The under 10-year-old set takes in a whopping $113 a month in allowances, bribes and rewards, an amount their parents concede is too much but say is necessary to keep up with the Jones'.
As part of wider research into money management among young people, VoucherCloud.net asked more than 2,100 American parents whether they regularly gave their five-to 10-year-old children cash. (The survey, which has a standard sampling error margin of 3.3 percent, was conducted over a one-week period with respondents with children in these age categories. ) Nearly three-quarters (71 percent) said that they did, with 77 percent providing a regular allowance.
Other reasons parents gave to explain why they shelled out cash to their young kids: to reward them for good behavior (61 percent); bribe them to be good (51 percent); pay them for chores (44 percent); or to provide a gift for a special occasion, such as a holiday or birthday (46 percent).
The total monthly take added to an average of $113 per child, which adds up to roughly $1,360 per year, according to VoucherCloud.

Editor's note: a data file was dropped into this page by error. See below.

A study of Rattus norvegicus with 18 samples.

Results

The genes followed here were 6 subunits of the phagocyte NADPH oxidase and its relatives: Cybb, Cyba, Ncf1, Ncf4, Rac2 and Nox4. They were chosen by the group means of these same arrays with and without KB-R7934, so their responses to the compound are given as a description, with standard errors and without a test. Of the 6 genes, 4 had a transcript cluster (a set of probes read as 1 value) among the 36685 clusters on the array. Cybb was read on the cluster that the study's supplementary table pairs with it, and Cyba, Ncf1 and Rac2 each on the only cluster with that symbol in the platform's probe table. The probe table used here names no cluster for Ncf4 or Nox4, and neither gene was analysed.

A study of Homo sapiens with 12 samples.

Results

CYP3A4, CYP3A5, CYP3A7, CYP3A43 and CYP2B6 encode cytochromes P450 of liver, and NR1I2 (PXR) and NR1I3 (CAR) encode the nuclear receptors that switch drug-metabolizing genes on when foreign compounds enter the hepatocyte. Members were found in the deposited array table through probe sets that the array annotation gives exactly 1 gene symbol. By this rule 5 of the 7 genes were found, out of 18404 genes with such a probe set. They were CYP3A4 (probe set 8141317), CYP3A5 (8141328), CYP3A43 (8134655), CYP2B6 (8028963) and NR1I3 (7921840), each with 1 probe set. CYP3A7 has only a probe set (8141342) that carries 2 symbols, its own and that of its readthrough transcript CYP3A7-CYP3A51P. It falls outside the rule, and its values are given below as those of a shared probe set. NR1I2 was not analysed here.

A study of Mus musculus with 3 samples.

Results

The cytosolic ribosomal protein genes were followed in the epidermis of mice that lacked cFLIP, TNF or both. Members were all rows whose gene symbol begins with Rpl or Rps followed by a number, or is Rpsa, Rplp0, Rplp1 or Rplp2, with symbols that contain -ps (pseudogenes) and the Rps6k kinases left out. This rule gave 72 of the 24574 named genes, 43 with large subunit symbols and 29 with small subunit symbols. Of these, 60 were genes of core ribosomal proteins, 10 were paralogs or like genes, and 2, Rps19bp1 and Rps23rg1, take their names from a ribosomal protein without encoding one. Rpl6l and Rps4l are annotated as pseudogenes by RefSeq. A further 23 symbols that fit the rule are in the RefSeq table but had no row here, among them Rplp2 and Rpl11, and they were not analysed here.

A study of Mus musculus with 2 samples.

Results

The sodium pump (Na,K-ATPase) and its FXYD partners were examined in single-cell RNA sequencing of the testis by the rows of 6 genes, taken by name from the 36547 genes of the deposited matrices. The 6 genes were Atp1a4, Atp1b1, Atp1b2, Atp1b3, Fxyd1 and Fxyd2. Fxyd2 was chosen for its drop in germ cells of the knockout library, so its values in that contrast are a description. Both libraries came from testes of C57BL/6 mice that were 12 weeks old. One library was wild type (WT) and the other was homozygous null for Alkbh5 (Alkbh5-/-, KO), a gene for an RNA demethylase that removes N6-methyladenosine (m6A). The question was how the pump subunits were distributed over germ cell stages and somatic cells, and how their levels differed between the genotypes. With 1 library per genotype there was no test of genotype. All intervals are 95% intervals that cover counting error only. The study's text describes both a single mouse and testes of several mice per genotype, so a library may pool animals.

When parents were asked how they felt about giving their youngsters all that money, 65 percent said they thought they were giving the kids too much. Forty-five percent explained that they gave more than they thought was appropriate because they were competing with other parents. Meanwhile, roughly a quarter of respondents said they didn't want to disappoint their offspring, while 17 percent said their children like expensive things and needed money to buy them.
Matthew Wood of vouchercloud, an online provider of coupons and discount codes, added that parents sometimes give their kids money out of guilt or to make up for a lack of parental attention. But a better course might be to spend more time and less money.
"Money really isn't the most important thing," he said. "If you're playing with [your kids], nine times out of 10, they won't care if it's with a iPad or a yo-yo."